Eddy Hernandez Perez

Eddy Hernandez Perez

Job Title
Law Student
The University of Texas at Austin
Boston College
Harvard University Graduate School of Education
The University of Texas at Austin
Corps Year: 
Corps Region: 
San Antonio

Thanks to Teach For America Eddy Hernandez Perez was able to acquire the leadership skills necessary to rise to challenges he may have once thought insurmountable. Having helped found a leadership development program in the community in which he taught and earning a master’s degree in education from Harvard, Eddy is now pursuing a degree in law and plans to serve as legal counsel to school districts. Armed with his knowledge of education and legal training, Eddy looks forward to supporting schools in their mission of helping students achieve their highest potential.

Read more about Eddy.

Career Path

Teach For America: San Antonio Corps
As a fifth-grade teacher, Eddy took the time to get to know his students and their families. He was subsequently nominated for the district’s Rising Star Award, which honors first-year teachers.
Education Policy Intern
While in the corps, Eddy interned with San Antonio Mayor Julián Castro’s education policy adviser. The connections he made with stakeholders and leaders in the community would prove invaluable.
Leadership SAISD Executive Director
After TFA, Eddy helped create a leadership development program for community members in the San Antonio Independent School District. He soon became the organization’s executive director.
Harvard Graduate School of Education
Following the launch of Leadership SAISD and the completion of the program’s first class, Eddy enrolled at Harvard. An Urban Scholars Fellow, he studied education policy & management.
The University of Texas at Austin School of Law
While in law school Eddy has clerked for the Mexican American Legal Defense and Educational Fund, the Texas Charter Schools Association, & the Texas Association of School Boards.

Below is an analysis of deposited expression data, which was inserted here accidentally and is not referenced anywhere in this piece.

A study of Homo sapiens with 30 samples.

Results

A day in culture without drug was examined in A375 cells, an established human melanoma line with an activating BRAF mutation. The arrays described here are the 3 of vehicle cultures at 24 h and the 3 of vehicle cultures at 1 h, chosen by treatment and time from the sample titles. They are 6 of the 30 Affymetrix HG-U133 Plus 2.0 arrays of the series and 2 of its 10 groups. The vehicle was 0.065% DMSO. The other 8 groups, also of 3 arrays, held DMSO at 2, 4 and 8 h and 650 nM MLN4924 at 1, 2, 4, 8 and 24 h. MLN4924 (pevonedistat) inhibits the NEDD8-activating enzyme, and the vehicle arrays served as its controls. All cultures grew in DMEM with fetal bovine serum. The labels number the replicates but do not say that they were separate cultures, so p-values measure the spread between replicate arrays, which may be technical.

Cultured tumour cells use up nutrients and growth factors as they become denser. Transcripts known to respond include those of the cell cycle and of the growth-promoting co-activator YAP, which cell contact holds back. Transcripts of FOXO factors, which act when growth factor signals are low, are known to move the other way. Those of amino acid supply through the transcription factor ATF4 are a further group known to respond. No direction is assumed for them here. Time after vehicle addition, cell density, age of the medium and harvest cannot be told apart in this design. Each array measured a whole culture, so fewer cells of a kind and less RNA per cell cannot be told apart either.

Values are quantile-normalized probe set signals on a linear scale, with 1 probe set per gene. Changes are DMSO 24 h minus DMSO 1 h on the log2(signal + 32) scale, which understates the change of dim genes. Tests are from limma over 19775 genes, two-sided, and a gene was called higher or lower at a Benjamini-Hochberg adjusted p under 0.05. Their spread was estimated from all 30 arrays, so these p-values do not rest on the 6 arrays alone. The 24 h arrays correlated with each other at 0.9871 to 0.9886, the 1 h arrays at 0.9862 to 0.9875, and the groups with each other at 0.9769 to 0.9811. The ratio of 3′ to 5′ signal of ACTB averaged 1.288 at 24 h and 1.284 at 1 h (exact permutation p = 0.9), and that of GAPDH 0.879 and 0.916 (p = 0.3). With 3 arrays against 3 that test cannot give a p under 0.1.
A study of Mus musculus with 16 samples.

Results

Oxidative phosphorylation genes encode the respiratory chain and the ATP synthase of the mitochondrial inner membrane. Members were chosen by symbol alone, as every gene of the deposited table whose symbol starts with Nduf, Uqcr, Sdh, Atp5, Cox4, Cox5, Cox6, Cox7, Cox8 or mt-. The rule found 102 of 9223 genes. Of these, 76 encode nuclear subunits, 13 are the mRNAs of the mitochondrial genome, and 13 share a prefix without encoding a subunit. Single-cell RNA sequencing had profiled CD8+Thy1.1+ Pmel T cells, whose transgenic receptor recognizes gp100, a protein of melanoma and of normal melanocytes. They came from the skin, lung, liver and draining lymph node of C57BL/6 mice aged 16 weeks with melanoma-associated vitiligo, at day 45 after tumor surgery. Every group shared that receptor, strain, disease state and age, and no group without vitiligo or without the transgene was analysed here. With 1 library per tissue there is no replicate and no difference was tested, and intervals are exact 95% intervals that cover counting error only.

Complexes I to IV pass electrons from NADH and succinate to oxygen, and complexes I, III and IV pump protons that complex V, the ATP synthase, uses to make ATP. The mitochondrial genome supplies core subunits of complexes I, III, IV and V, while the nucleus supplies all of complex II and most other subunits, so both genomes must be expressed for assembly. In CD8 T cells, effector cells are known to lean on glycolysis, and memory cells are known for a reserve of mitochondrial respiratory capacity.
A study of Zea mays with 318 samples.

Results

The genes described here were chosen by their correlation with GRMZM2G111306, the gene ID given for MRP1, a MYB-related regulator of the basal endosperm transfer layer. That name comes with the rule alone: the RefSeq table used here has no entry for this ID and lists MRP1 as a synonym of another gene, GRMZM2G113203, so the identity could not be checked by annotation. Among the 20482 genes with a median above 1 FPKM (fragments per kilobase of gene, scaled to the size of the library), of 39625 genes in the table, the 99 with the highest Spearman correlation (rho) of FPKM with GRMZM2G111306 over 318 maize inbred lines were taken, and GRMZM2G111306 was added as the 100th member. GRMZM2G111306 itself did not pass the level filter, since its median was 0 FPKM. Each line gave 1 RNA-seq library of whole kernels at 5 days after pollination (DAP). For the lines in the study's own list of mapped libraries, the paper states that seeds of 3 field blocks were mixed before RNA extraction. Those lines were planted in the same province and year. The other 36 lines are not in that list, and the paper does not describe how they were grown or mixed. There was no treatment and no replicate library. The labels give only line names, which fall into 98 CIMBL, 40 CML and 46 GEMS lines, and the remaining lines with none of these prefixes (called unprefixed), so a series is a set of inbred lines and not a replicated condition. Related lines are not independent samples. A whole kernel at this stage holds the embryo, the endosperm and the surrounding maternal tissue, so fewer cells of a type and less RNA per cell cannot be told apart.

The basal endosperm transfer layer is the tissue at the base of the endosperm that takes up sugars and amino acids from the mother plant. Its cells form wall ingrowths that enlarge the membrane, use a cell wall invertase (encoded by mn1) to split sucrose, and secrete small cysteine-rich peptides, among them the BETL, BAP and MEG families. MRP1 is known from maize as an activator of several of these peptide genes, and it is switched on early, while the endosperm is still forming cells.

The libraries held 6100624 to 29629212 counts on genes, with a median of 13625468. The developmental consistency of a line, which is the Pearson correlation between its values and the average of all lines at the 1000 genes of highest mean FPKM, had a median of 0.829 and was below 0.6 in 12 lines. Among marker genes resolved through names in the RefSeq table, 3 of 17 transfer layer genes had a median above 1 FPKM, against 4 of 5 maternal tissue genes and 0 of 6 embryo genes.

Q & A

How did you find out about Teach For America?

I saw signs for TFA my senior year at Boston College. I researched it online, and the website said, “A student’s zip code shouldn’t determine their academic outcome.” That really resonated with me and reaffirmed the path I knew I wanted to pursue.

In what ways has TFA influenced your career path?

TFA helped me understand that supporting childhood education is my passion in life. Though I won’t be in the classroom, my commitment will be the same. I’ve come to realize that education is the field in which I can use my talents to help the most, and I am going to give it 100 percent. 

What skill did you attain as a corps member that you believe to be most valuable?

TFA taught me to look at challenges with greater optimism. I no longer look at problems as insurmountable—I’m much more emboldened to break large problems down and say, “Let’s take it one step at a time.”

How will your work with school districts promote educational equity?

The law can be overwhelming. If school districts know their legal bases are covered, they are able to devote more time, energy, and resources to the bottom line, which is making sure that kids are doing well. Having a first rate legal team allows districts to focus on what’s best for kids and what the district can do to help students reach their fullest potential.